A rare metallic element of the platinum group.
Proposed coin design which may or may not have been adopted.
Chemical symbol for palladium.
Piedfort or Piefort
A coin struck with ordinary dies on an unusually thick (often double thick) planchet; it is identical in all other respects to the coins of the realm that is resembles. Not intended for circulation or commercial use. Collectors the world over have long prized the piedfort as a mix between a pattern and a circulation issue, unique because of its thick status and, in the case of precious metals coins, more valued metal content.
The blank disk of metal upon which the dies are struck to produce a coin. See Blank.
The deposition of a layer of metal on an object, forming the cathode, during electrolysis.
A precious silver-white metallic element.
Platinum, palladium, rhodium, ruthenium, osmium, and iridium.
Price of a coin over its bullion value.
Coins minted with unusual care from new dies on carefully selected blanks, intended as gifts for “VIPs” on visits to the mint.
A coin made from carefully selected coin blanks that have been highly polished. The coins are hand-fed into a slow-moving press. this assures a well-struck coin, more even impression, and makes the design more distinct. Each coin is struck twice or more. The finished coins have an almost mirror surface. See Matte proof.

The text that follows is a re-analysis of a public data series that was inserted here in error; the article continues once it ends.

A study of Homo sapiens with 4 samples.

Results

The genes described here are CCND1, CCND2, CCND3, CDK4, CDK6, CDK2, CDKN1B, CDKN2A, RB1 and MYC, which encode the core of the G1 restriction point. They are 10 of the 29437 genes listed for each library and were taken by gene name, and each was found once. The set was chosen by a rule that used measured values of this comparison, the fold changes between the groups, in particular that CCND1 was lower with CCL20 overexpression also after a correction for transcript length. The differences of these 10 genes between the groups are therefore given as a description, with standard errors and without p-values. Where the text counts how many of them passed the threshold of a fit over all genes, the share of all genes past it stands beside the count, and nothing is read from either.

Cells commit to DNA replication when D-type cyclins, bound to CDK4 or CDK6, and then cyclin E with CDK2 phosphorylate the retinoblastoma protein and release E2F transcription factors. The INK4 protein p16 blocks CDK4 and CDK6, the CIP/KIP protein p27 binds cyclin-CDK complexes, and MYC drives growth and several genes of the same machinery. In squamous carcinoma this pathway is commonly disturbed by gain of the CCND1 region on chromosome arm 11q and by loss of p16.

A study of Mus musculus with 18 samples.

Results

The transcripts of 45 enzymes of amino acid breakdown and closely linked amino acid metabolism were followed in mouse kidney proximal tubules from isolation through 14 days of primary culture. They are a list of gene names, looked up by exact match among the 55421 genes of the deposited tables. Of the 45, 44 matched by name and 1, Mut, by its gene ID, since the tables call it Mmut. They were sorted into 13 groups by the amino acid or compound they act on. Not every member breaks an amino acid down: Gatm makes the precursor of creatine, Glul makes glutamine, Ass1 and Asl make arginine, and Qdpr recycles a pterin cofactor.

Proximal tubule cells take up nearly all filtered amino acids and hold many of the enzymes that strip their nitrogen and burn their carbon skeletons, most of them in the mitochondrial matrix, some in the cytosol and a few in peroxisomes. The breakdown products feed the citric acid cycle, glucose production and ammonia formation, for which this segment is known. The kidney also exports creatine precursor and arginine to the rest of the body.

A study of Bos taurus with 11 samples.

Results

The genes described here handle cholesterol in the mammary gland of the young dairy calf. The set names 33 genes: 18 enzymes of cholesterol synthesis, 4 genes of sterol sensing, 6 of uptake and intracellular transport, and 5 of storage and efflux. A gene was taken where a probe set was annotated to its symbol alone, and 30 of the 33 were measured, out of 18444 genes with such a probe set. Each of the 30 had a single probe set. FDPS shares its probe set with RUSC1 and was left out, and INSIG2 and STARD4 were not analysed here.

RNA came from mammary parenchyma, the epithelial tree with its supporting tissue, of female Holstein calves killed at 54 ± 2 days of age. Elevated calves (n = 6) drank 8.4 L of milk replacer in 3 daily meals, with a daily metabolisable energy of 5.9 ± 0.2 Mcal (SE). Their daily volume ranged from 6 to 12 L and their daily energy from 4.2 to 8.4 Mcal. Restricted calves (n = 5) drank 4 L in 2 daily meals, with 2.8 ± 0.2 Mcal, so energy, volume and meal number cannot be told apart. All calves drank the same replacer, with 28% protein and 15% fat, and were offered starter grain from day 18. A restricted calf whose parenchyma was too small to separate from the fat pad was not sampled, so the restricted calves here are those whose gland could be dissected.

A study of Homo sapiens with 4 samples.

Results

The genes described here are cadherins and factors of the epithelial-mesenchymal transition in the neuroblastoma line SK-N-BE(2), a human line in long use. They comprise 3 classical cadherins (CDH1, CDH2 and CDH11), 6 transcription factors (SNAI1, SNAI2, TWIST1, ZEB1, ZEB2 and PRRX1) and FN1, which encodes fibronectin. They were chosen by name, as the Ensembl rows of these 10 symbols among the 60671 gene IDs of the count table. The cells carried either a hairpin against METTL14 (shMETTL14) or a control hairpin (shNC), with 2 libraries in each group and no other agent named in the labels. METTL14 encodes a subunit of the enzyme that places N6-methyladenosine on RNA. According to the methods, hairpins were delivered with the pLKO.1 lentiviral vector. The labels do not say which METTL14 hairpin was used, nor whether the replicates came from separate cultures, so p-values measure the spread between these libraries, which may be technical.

Proof, Branch Mint
A proof coin which has been struck as a mint other than the Philadelphia. For example, branch mint proofs are known to exist of the following date Morgan dollars: 1879-O, 1883-O, 1893-CC. etc.
A coin which has been struck from a new die, or a newly polished die, which leaves a mirrorlike reflective surface upon the field, and occasionally the devices, of a coin. Prooflike coins are business strikes and therefore usually have abrasions. See First strike.
A prooflike coin in which the reflective mirror finish is confined to the fields of the coin. The devices will have a frosty finish.
A set of one proof coin of each denomination issued by a mint in a particular year.
Gold of .999 fineness, with no alloying metal.
Silver of .999 fineness, with no alloying metal.